Big Freeze at the SCG? Sydney’s bid for Queen’s Birthday game

Sydney has launched a bid to host the iconic Queen’s Birthday game at the SCG after coming to the AFL’s rescue this week.

The SCG has emerged as a contender to stage the traditional clash between Melbourne and Collingwood, also known as the Big Freeze at the ’G, should the MCG remain unavailable due to Victoria’s coronavirus outbreak.

This year’s Big Freeze game, championed by the inspirational Neale Daniher, could be moved to Sydney or Adelaide.Credit:Getty

Venues NSW chairman Tony Shepherd has told the AFL of the desire to stage the Queen’s Birthday game if it were to be moved.

“We would be happy to host it should the MCG not be available,” Shepherd, also the Greater Western Sydney chairman, told The Age and the Herald.

Though Sydneysiders are not known for attending AFL games that do not involve the Swans or the Giants, this is no ordinary home-and-away match.

In the pre-game, football identities in costumes ride down a slide into freezing water to raise money in the fight against motor neurone disease. Daniher, a former Essendon captain and club champion and the Demons coach for 10 years, was diagnosed with the disease in 2013. Sufferers have an average life expectancy of 27 months from diagnosis.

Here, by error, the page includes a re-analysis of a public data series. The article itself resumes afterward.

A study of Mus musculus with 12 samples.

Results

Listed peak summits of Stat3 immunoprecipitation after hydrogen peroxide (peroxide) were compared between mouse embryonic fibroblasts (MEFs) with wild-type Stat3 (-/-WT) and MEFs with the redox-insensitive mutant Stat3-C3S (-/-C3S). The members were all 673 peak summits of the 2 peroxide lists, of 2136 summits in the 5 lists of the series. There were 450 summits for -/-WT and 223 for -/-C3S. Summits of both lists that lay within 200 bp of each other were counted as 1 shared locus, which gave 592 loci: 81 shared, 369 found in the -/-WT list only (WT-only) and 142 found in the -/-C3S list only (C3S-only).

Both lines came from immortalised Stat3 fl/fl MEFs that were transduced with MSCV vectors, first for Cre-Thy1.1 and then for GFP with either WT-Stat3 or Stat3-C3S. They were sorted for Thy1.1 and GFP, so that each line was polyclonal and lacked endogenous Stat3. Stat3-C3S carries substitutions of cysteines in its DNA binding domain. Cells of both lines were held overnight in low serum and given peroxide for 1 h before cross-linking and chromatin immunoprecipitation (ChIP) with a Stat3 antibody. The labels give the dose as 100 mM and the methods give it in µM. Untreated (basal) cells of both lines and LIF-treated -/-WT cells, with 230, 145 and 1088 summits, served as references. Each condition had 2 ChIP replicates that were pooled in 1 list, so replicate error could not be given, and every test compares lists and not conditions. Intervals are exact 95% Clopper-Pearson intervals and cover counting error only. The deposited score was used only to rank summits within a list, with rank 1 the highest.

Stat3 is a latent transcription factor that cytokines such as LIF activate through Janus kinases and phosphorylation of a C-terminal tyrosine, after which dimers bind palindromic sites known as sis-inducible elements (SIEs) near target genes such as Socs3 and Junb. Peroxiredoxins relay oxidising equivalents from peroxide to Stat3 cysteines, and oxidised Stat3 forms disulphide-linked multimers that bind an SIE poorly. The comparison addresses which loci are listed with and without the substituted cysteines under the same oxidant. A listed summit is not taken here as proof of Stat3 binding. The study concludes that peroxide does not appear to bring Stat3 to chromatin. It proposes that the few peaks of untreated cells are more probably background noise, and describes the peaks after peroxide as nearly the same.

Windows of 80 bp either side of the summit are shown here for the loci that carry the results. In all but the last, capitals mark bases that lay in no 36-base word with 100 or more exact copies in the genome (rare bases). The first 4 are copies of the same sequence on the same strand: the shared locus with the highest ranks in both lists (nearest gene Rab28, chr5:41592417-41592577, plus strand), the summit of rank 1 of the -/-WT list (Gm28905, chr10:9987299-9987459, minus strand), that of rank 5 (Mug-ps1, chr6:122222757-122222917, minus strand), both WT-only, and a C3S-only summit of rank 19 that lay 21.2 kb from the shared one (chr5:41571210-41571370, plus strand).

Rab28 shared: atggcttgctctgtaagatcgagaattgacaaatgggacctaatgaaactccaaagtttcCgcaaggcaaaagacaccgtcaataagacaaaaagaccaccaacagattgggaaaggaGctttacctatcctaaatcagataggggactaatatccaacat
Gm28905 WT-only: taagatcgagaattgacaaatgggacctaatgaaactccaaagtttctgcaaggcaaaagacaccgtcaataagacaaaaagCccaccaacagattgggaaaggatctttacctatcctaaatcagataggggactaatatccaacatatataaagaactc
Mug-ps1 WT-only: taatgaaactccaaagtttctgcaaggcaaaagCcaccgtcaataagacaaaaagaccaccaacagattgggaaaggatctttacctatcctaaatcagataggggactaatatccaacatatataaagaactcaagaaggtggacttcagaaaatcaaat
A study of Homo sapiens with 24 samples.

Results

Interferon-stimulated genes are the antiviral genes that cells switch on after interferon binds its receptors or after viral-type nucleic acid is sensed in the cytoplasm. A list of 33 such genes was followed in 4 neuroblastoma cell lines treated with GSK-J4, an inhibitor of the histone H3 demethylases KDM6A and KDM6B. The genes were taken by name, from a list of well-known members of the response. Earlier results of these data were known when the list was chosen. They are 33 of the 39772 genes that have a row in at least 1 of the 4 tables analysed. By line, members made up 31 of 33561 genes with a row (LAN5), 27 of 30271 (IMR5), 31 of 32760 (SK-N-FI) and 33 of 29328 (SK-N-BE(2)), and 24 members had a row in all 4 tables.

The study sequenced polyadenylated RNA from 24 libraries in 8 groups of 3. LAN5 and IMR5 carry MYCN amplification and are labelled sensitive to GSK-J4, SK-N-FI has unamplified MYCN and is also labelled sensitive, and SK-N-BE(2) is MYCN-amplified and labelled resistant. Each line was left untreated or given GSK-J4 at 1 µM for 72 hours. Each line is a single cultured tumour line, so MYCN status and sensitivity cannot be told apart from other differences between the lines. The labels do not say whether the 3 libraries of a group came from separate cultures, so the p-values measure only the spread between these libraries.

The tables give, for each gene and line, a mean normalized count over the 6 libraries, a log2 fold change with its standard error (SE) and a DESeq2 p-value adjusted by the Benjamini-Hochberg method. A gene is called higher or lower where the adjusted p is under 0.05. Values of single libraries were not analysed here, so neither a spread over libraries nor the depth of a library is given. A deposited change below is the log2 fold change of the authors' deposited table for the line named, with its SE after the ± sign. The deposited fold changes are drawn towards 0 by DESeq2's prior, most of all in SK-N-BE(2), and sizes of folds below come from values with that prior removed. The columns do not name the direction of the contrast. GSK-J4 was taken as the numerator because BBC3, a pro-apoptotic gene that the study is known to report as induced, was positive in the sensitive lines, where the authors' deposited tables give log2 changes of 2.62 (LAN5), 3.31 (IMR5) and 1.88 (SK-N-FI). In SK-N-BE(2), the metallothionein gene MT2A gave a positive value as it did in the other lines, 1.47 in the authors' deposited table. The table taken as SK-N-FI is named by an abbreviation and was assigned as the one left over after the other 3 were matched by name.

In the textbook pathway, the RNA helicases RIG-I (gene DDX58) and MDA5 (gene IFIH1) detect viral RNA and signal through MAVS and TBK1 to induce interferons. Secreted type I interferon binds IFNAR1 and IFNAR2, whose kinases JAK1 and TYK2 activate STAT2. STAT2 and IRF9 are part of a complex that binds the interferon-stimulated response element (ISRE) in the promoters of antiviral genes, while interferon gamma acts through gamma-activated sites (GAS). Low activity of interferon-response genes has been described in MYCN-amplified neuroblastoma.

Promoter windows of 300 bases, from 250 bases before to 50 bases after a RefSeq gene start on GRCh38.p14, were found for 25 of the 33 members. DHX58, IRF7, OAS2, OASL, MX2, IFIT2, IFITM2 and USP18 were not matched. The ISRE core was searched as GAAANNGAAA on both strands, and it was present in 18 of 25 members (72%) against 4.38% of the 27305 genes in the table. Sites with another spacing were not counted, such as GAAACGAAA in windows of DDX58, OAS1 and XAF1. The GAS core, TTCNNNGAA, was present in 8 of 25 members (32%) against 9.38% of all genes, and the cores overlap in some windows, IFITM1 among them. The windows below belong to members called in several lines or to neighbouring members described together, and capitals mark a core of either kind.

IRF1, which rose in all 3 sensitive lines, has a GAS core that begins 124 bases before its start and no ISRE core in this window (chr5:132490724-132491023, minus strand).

In a big boost to the code in NSW, Sydney will host three of the six games in round 12 though it remains to be seen if the city’s football community will come to the party.

Highlighting the challenge for the AFL north of the Murray River, there is a strong chance the Dreamtime game in Perth will attract a higher crowd than all three games this weekend in Sydney.

The Swans are expecting a reduced crowd of about 20,000 to 25,000 – down at least 15 per cent from their SCG average of 29,329 this season – for their rescheduled clash with St Kilda on Saturday.

Swans officials, having seen what was achieved in Perth with early notice, are privately miffed they were made to wait until Tuesday night before they could notify their members of the change. Tickets for the games did not go on sale to the public until Wednesday afternoon.

The AFL was still finalising marketing and promotion plans for this week’s games on Wednesday.

Despite the importance of the game between ladder leaders Melbourne and third-placed Brisbane, it is likely to be played before a meagre crowd at Giants Stadium on Friday night.

The league will be hoping there are more people like AFL converts David Mack and Richard Kolodziej, who have said they will attend the game. Both men were among the 4236 who watched the Richmond-Adelaide game last week.

“People like me who like watching a good game of footy, first versus third, that would be a very exciting game,” Kolodziej, 67, from Georges Hall, said.

“There was a time in my life when I thought rugby league was the greatest game in the world. These days I’ve swapped allegiances, I’m a true convert.”